By STEVEN NALLEY
The first half of Shandy Phillips’ “Concertino for Violin, Viola, Piano and String Orchestra” is slow, while the second half is speedy; however both carry the same goal.
Both halves use multiple harmonies, with the four instrumental elements going in similar, but not necessarily identical, directions. The melodies echo each other, weave into and out of each other and, in the end, bounce off each other.
“My goal was to produce a musical picture of a large conversation, like a party, where there are many conversations going on at once,” Phillips said. “A snippet of each conversation leads to a different tangent, a different angle.”
Phillips has won the Mississippi Institute of Arts and Letters award in classical music composition for “Concertino,” and the MIAL will honor her at its banquet June 9 at Jackson’s Mississippi Museum of Art.
Past winners of MIAL’s annual awards include Milton Babbitt for music, Eudora Welty for literature and Walter Anderson and Morgan Freeman for lifetime achievements. Phillips said Babbitt was still a professor at The Juilliard School in New York City when she was an undergraduate there, but she never took one of his classes. She also said receiving the same award does not mean she considers herself to be in Babbitt’s echelon.
“I’m honored to receive the award, but I would not put myself in the same category as Milton Babbitt, who received many awards worldwide,” Phillips said. “I knew Milton Babbitt before I did most of my writing. I didn’t start writing until I was a senior at Juilliard.”
In fact, Phillips said, she doesn’t consider herself more successful or esteemed than any of her fellow composers by virtue of the award. What the award does mean to her is satisfaction, she said.
“To make that piece took almost five months of almost constant work,” Phillips said. “It’s a very rewarding to receive an award for something I do regularly. I write all the time; to get an award for it is fabulous.”
Phillips said she wrote “Concertino” specifically for a 9-11 minute slot in the Starkville and Mississippi State University Symphony Orchestra’s January 2011 concert. She performed the violin solo herself, accompanied by her sister Holland Phillips on viola and MSU assistant music professor Rosangela Sebba on piano.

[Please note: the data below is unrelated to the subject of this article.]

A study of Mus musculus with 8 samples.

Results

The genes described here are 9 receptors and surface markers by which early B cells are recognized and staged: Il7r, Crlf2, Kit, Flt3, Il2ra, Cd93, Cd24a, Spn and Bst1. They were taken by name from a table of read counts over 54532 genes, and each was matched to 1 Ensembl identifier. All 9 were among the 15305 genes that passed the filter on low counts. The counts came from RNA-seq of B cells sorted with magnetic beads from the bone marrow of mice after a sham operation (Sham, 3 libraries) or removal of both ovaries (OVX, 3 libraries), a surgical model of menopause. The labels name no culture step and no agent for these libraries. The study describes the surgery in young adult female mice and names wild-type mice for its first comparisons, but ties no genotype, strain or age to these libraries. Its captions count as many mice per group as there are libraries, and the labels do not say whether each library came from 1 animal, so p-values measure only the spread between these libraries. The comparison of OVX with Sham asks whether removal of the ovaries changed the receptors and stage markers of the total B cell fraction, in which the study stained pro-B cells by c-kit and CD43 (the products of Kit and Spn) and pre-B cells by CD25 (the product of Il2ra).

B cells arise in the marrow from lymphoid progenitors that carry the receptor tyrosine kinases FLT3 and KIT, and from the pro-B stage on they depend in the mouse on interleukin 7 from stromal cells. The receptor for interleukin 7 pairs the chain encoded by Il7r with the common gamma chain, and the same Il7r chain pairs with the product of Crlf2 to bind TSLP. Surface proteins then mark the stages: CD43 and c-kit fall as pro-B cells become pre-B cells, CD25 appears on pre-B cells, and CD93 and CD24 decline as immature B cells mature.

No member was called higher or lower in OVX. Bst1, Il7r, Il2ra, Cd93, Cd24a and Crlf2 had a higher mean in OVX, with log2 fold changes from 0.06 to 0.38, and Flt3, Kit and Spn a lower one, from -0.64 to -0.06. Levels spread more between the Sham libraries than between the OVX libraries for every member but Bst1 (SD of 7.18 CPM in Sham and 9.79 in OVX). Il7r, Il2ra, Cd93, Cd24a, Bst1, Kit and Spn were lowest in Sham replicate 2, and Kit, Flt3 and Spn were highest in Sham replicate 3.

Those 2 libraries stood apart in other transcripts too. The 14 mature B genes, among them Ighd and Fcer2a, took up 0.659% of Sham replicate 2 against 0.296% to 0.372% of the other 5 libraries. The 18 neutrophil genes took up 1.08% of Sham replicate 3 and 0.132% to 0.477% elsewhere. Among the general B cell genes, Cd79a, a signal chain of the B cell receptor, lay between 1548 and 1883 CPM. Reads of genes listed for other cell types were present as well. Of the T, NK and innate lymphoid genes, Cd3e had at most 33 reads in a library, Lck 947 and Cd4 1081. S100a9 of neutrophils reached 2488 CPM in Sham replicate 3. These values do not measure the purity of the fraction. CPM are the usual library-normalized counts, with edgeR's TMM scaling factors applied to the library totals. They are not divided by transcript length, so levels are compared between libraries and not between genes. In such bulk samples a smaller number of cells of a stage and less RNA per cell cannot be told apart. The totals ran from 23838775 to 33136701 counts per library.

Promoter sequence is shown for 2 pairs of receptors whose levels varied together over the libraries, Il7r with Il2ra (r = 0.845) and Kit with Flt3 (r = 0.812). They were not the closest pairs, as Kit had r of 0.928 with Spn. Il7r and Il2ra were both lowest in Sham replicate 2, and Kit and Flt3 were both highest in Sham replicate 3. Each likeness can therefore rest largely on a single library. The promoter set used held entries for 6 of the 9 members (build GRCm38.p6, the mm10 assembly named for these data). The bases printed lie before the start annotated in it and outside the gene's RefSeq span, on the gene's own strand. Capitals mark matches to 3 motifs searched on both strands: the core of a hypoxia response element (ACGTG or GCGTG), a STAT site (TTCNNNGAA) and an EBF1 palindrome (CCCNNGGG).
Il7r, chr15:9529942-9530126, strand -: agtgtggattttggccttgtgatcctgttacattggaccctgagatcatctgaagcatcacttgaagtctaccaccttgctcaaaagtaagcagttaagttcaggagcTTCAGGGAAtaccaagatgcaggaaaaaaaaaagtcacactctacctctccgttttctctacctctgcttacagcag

“It was a great experience to premiere (Shandy’s) music, even better because we talked about certain details with the composer (herself),” Sebba said. “Shandy deserves the award for several reasons. She has a great talent as a musician, she is humble and opened to suggestions, and has a grasp of the instruments. It is different to perform a work when the composer plays the instruments rather than just compose, making the music very idiomatic. I have performed other works by her and truly enjoy every time.”
Shandy also maintains a private studio teaching local students, co-directs the Mississippi State University Orchestra and serves as an adjunct professor at MSU. Michael Brown, head of MSU’s music department and conductor for the first performance of “Concertino,” said Shandy is an excellent teacher for the same reason she is an excellent composer — her focus.
“(She has) an ability to focus with laser-type clarity on an aspect of a student’s performance, like their hand positioning,” Brown said. “She really can focus in and get right to the point. I think (the MIAL award is) part of the package that we get with (Shandy). She’s a very talented violinist, a fine composer and an excellent teacher.”
Brown said Shandy Phillips’ achievement speaks well for Starkville, given her decision to dedicate her time to teaching the violin in the town where she grew up. Shandy Phillips said she wanted to put her talent to use in Starkville because Starkville is where it developed.
“I’ve had music playing in my head for as long as I’ve had memory,” Shandy Phillips said. “My parents wrote the grant that got strings into public school in Starkville. We started having orchestra when I was in sixth grade, (and) I was in the orchestra through the 11th grade.”
Shandy Phillips said she is grateful to her parents for supporting her and other musicians in Starkville through the years. Sebba said she is also grateful to have her at MSU.
“(The MIAL award) means that we have an exceptional musician working with us, and she deserves the acknowledgment,” Sebba said. “She has already brought greatness by being in charge of the strings program and the student orchestra, but the award is the recognition of it.”